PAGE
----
JLR CEO Ralf Speth has made a number of interventions to call on the UK government for more certainty over Brexit.
London: As a week-long production shutdown announced by Tata Motors-owned Jaguar Land Rover (JLR) earlier this year got underway on Monday, campaigners used the development as a strong case in favour of a second referendum on Brexit. JLR had announced back in January that it would have an additional week of halting production of its luxury vehicles amid Brexit uncertainties just before a scheduled Easter break for workers. “There will be an additional week of production stand-down 8th-12th April due to potential Brexit disruption,” the JLR statement had noted at the time.
The stand-down, which began on Monday, affects thousands of staff at Britain’s largest carmaker’s factories across Castle Bromwich, Solihull and Wolverhampton in the West Midlands, and Halewood on Merseyside. While workers at the factories will be paid during the break, they will have to make up the hours at a later date. “This could be a terrible sign of things to come if the PM [Theresa May] continues to pursue Brexit,” said a Brexit spokesperson for the UK's Liberal Democrat party, which has been actively campaigning for a so-called “People’s Vote” to give the British public another chance to decide on Britain’s membership of the European Union (EU). It said the ruling Conservative Party and Opposition Labour Party, currently locked in talks to try and break a Brexit logjam, must take action to protect jobs and the economy by agreeing to give the UK electorate a final say with an option to remain in the EU.
"This continuing damage can and must be stopped," the spokesperson said.
JLR CEO Ralf Speth has made a number of interventions to call on the UK government for more certainty over Brexit, which was also among the factors that forced the company into job cuts of around 4,500 earlier this year amid sluggish global sales. The car-maker has the largest number of retailers for its cars in Europe, with around 800 outlets across 42 countries.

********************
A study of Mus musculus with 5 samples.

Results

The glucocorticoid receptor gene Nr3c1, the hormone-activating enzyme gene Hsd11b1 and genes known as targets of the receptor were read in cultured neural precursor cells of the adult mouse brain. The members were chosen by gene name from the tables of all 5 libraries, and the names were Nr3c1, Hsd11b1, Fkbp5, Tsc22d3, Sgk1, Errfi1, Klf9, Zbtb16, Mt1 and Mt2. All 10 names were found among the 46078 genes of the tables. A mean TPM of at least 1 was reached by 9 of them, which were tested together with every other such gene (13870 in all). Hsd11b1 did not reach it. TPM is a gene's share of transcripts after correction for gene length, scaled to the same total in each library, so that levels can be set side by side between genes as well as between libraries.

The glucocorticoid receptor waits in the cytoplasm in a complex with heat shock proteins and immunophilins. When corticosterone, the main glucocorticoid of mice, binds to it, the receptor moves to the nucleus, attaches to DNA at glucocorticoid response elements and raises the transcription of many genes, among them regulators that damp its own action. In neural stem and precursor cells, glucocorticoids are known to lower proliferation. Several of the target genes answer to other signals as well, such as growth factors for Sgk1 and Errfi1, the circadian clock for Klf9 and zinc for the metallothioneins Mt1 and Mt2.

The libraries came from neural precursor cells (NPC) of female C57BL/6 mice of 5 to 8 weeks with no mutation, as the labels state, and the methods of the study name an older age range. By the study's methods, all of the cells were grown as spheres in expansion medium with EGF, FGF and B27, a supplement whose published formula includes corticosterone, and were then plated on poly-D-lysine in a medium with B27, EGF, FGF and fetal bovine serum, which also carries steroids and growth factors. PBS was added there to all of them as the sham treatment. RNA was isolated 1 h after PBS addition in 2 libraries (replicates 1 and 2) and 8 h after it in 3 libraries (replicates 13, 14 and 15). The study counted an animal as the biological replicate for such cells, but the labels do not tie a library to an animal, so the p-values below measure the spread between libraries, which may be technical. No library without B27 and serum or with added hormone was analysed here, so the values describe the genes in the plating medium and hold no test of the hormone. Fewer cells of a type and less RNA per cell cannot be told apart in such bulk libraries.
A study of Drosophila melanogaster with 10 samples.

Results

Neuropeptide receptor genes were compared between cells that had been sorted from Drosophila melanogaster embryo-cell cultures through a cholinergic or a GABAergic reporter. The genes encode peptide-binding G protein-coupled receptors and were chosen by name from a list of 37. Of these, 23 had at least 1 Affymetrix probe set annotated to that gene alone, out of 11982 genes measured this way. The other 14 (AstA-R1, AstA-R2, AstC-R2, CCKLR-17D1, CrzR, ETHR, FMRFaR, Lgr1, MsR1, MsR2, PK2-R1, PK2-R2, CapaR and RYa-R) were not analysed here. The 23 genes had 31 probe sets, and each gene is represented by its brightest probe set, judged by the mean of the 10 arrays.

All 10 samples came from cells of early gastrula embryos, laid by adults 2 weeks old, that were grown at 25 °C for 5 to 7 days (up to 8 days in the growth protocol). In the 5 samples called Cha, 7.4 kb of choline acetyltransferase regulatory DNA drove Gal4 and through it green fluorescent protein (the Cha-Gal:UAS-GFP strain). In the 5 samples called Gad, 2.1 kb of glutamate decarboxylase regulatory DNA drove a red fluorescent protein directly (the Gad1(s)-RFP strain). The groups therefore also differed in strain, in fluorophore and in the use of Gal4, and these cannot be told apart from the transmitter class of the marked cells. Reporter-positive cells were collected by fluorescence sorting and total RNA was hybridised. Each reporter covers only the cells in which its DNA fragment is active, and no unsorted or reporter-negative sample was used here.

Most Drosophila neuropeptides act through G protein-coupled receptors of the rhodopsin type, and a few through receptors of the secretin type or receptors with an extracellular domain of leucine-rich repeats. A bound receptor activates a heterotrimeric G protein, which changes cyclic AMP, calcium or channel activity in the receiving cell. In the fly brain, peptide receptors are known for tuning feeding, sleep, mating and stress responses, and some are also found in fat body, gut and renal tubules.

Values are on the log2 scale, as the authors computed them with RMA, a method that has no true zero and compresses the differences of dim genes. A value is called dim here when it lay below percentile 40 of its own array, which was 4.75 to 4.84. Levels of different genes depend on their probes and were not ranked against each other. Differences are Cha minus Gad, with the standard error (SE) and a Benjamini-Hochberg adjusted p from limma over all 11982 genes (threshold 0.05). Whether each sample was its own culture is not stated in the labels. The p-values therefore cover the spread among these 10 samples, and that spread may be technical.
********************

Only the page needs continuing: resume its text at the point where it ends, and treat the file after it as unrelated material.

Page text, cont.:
"We had to make some plans to protect the business as best we could and we started talking about this in January," said Mick Graham, plant convenor at the Solihull factory for the Unite workers' union.
"We knew we had to take reactive action to mitigate the potential effect of a bad Brexit or no-deal Brexit.
Suppliers need notice to get their parts across to us. It was a prudent thing to do," he said.
The week-long shutdown in the UK came as Tata Motors unveiled JLR's 2018-19 financial results this week. The luxury car brand, acquired by Tata over 10 years ago, clocked sales of 578,915 vehicles, down 5.8 per cent compared to the previous year.
While retail sales were up in North America by 8.1 per cent, in the UK by 8.4 per cent and in overseas markets by 2.4 per cent, the overall company performance was impacted by weaker sales in China, down 34.1 per cent.
Felix Brautigam, JLR Chief Commercial Officer, said: "Despite a challenging time for us and the automotive industry, we were able to deliver growth in three of our five regions. In North America, the UK and overseas we posted solid growth on the back of strong demand for our exciting product line-up, achieving record sales and outpacing industry trends in many markets.
"Clearly we were disappointed by the lower sales in China. However, together with our retailers we decided not to push sales at any cost' to ensure that our brands remain desirable.